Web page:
Digital transformation: 3 tips to minimize friction

Transformation of any type brings challenges. From ensuring alignment to documenting processes, this expert advice can help smooth the journey

These barriers can slow or even stop innovation. While your organization attempts to implement and onboard new systems, your transformation roadmap and plans for innovation may take a back seat.

How to reduce friction during digital transformation

Read on for three tips to minimize friction and maintain innovation during a digital transformation.

1. Align the people

One of the biggest barriers to adopting a new solution is that not everyone is invested in its success. With digital transformation, it’s critical to ensure employees are aligned on the plan and the resulting changes before you implement new technology.

[ Also read Digital transformation: 4 key building blocks. ]

This could be as simple as discussing new ideas and plans with the leadership team, followed by an announcement to your entire organization that changes are coming.

A survey or forum that enables employees to voice their opinions and preferences can also help with long-term implementation, especially if the changes are ones they have advocated for. Taking a team-centered approach in which leaders seek and value perspectives throughout the organization supports a culture of willingness to try new processes and technologies.

2. Document the process

Document the transformation process from the beginning. This serves various purposes, including establishing guidelines and creating references to scale future solutions.

To get the most out of a new solution, document your guidelines for important processes you’ve found effective, like staff workflows or knowledge management. Establishing an accessible framework for these essential processes allows you to perform them efficiently and consistently during times of transition while also providing a shared basis to pivot from in times of crisis.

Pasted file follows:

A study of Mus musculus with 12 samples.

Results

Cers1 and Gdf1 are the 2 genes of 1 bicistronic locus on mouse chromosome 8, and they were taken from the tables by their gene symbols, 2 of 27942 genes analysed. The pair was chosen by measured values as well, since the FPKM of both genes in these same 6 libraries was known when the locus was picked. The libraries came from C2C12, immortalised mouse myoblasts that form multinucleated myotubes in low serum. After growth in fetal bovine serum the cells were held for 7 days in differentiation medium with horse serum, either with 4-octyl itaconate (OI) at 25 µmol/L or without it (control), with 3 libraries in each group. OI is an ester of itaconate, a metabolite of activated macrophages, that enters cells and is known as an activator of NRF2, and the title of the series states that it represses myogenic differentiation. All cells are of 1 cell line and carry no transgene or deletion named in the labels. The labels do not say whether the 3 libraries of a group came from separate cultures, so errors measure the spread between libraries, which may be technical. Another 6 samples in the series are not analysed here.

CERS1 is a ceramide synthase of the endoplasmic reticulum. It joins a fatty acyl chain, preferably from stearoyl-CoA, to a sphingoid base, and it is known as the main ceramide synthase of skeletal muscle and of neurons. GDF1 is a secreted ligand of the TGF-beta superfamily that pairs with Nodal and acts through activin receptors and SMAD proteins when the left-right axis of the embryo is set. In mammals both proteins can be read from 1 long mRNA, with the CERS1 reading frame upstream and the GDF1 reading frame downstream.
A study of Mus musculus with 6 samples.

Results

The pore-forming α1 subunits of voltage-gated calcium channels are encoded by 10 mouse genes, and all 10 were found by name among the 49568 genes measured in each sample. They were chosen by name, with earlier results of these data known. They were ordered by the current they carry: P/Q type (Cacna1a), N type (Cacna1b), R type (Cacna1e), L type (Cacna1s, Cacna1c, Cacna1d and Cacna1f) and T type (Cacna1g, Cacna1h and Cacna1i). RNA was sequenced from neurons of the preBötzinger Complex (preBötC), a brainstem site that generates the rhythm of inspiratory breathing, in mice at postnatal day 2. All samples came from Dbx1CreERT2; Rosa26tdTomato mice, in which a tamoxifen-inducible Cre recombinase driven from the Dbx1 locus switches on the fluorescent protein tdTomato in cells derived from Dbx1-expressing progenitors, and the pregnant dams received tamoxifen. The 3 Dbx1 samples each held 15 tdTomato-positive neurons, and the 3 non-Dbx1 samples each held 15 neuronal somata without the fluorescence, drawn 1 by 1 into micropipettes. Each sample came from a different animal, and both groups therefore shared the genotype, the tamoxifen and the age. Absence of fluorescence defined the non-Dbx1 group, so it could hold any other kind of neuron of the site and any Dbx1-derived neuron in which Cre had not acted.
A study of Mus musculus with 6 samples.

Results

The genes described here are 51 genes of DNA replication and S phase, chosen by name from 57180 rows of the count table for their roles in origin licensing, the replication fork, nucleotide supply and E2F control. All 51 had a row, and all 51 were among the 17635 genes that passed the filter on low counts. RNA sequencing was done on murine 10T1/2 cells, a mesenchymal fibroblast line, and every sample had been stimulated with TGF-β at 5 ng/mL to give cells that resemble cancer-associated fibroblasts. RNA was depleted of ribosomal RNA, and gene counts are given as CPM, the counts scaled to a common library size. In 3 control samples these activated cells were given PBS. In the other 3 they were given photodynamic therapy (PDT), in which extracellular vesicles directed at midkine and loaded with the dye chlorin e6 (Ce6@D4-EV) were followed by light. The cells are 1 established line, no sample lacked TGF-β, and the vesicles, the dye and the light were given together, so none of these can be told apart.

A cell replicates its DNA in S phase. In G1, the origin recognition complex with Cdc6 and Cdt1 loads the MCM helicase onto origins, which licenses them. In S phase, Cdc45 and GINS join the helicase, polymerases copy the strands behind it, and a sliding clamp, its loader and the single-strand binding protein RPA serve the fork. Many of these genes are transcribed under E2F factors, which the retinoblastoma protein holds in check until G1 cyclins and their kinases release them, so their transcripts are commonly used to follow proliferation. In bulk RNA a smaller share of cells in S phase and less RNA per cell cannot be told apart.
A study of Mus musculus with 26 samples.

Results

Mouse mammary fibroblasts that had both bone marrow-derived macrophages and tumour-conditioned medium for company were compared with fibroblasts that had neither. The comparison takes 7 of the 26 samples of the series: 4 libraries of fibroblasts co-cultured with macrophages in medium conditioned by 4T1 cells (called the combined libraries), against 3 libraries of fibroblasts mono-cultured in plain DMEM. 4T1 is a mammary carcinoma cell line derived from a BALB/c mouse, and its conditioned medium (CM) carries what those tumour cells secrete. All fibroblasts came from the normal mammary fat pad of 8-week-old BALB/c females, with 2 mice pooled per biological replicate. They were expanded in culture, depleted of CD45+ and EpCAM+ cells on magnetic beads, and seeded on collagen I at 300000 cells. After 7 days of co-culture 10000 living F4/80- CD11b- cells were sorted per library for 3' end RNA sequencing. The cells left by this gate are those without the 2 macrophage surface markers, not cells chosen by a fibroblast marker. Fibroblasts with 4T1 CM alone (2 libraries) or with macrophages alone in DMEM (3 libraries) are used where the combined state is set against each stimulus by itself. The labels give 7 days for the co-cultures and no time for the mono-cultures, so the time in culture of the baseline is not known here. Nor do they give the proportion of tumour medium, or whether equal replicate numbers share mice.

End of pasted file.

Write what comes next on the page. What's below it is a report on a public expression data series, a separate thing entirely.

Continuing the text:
By documenting practices, leaders can spend less time explaining, troubleshooting, and training and focus on innovating and planning for the future.

Finally, by documenting instructions, processes, and reporting practices, leaders can spend less time explaining, troubleshooting, and training and focus on innovating and planning for the future.

3. Choose the right technology

As every IT team knows, there are countless vendors and providers out there for solving any and every technology challenge. When embarking on a digital transformation journey, decision-makers may feel overwhelmed while trying to decide what solution, or combination of solutions, is best for their organization. Decision-makers must be sure that their technology investment goes beyond just the latest trend; it must address the roots of their problems while minimizing the lift on users and IT staff.

Staying true to your business strategy and vision will help guide you. Ask strategic questions like “How will this differentiate us and get us further ahead of the competition?” Look for vendors with proven use cases of solving the issues you’re dealing with and notable, positive results from customers.

Digital transformation fails when organizations try to “boil the ocean” and accomplish all their goals at the same time. Instead, begin with specific and achievable first steps with results that have an immediate impact on stakeholders and make their jobs easier and more rewarding. In short, look for “painkillers” rather than “vitamins.”

It’s challenging but critical to maintain operations and innovation at any organization, even during a time of transformation. While any transformation can be rocky, making proper preparations around people, processes, and technology will smooth the transition and improve buy-in and scale across your organization.

[ New research from Harvard Business Review Analytic Services identifies four focus areas for CIOs as they seek more flexibility, resilience, and momentum for digital transformation. Download the report now. ]

Sanjeev Agrawal is the President and Chief Operating Officer at LeanTaaS, a leading healthcare predictive analytics company based in Silicon Valley. Sanjeev was Google’s first Head of Product Marketing.